A curious proxy battle is underway over the likely Sam Olens takeover of Kennesaw State University.
On one side, you have faculty leaders who have already raised a red flag about his probable appointment to the presidency of the Cobb County school. Now an alumni group is sounding an alarm.
Two Kennesaw Staters, student Lane Hunter and graduate Sarah Rose, drafted a petition urging the Board of Regents to reject the Attorney General as “one huge step backwards for the university.”
Their chief complaint is his role in defending in court Georgia’s same-sex marriage ban, which was struck down by a 2015 U.S. Supreme Court ruling.
The school has become increasingly accepting of LGBTQ students. As alumni of KSU who are part of the queer community, we worry that appointing Olens as university president will have a long-lasting, detrimental effect on the academic experience of KSU’s queer student body – and the community as a whole.
“Between having been the Cobb County Commission chairman and then being the attorney general during the years when Kennesaw [State] really grew and developed into a university, you couldn’t design a much better fit,” said Evans.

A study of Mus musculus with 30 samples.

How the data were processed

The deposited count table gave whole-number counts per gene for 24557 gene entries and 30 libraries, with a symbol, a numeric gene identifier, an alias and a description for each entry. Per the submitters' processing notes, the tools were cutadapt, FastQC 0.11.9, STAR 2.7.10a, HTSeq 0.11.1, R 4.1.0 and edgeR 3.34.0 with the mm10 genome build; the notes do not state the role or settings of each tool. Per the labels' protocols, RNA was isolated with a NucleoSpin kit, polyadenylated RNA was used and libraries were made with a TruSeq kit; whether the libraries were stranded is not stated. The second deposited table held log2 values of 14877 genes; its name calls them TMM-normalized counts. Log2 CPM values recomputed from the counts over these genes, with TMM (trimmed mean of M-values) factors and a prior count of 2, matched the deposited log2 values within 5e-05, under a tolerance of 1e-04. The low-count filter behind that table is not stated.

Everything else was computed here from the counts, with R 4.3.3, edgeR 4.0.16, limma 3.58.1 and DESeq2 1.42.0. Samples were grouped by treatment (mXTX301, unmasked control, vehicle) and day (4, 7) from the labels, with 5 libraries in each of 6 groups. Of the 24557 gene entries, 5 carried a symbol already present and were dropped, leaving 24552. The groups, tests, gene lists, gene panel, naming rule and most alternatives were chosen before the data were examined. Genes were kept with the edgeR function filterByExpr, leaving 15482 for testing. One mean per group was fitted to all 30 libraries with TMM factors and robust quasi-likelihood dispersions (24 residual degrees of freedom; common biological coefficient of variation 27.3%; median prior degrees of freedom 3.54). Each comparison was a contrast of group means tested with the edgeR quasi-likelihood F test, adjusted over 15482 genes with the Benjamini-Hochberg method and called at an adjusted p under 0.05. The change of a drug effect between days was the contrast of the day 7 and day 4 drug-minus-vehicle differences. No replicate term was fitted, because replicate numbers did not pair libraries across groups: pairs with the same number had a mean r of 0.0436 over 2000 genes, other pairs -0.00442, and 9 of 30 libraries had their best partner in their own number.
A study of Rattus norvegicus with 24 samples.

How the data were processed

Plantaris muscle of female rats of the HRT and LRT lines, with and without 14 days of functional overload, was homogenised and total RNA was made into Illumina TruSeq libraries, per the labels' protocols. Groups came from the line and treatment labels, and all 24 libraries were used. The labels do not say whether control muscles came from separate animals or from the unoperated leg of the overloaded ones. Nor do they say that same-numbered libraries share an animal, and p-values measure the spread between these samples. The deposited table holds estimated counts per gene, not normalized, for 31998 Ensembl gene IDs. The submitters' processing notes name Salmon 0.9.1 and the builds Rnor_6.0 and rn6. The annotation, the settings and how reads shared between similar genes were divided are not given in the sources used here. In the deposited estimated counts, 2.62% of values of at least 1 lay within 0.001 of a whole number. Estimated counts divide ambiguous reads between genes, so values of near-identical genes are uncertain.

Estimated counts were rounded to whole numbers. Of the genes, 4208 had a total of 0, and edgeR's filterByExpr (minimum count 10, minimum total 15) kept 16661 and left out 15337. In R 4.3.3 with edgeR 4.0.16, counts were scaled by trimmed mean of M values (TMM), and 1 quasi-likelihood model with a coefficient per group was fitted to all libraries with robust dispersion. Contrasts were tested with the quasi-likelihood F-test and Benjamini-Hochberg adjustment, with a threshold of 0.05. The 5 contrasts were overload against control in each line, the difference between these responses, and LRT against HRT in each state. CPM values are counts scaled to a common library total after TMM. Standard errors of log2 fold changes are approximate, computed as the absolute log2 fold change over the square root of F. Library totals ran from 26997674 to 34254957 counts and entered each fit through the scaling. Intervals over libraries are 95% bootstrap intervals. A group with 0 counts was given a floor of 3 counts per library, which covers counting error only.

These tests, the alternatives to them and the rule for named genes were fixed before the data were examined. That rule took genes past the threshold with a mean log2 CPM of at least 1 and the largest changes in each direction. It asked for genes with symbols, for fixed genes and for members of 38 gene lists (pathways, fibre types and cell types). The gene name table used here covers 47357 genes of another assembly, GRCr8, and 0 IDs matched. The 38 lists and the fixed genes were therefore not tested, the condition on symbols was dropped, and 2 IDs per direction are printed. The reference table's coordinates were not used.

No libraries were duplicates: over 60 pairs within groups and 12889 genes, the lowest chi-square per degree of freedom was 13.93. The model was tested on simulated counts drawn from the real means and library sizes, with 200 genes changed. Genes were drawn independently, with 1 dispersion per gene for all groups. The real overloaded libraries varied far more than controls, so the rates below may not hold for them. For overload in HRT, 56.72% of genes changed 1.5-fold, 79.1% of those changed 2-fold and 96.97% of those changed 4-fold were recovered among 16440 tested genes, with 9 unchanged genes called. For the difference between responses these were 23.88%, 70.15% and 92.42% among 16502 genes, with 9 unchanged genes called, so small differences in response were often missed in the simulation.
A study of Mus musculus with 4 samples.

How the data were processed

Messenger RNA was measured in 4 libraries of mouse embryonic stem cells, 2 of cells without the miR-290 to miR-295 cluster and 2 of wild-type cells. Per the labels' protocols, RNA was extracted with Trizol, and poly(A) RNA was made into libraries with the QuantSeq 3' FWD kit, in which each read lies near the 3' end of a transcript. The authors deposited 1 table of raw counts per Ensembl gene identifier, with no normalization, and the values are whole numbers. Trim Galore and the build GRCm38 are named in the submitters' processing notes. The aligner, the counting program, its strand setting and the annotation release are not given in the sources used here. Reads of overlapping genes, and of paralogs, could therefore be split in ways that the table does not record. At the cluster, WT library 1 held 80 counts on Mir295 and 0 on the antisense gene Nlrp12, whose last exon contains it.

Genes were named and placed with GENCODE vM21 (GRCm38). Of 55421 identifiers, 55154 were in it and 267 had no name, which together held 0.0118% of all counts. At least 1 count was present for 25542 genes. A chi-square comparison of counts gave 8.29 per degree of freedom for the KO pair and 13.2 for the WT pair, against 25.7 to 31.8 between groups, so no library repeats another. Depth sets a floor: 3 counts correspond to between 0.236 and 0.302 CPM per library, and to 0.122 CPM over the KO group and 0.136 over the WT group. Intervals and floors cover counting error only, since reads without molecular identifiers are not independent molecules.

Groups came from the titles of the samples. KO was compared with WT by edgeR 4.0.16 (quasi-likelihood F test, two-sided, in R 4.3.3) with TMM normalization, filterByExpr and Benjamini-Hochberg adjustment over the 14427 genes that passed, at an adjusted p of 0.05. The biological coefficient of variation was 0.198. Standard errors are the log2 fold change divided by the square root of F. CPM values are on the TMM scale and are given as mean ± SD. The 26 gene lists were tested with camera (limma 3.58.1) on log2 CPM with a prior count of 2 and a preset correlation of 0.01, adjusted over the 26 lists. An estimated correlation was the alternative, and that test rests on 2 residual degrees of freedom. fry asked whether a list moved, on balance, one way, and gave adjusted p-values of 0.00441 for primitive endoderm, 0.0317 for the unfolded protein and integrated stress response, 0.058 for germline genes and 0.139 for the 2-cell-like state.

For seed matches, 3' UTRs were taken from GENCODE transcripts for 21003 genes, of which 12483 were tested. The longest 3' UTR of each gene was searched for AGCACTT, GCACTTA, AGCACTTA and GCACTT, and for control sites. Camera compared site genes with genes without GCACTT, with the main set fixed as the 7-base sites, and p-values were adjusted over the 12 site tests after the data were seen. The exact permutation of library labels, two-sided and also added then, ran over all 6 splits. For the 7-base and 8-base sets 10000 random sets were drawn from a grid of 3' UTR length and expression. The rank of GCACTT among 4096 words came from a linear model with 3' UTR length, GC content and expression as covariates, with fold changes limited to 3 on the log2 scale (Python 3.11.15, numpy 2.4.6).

Evans noted that, as attorney general, Olens essentially served as KSU’s lawyer, and “he really shepherded it through those years.”
He also noted that Olens had proved he could manage a large organization by overseeing the state Law Department, “which is essentially one of the largest law firms in the state.”
Two people with direct knowledge of the negotiations say it’s likely that Olens will be tapped to lead Kennesaw State, but both stressed the talks are ongoing. One of them added that the discussions had hit a bumpy patch within the last two weeks.
Olens has stayed mum on whether he will step down this year to take the reins of the school, which has faced troubling financial questions that emerged just as the former president retired. The Board of Regents has declined comment, too.
Rumors are swirling still at the Capitol, and even Olens’ decision to return a portrait of himself prompted a new wave of speculation. The latest signal that Olens could be moving on: His campaign website, samolens.com, is no longer functioning.
Gov. Nathan Deal would tap Olens’ replacement if he takes the gig, and a leading contender is economic development commissioner Chris Carr, who is a close ally of the governor and a former top aide to U.S. Sen. Johnny Isakson.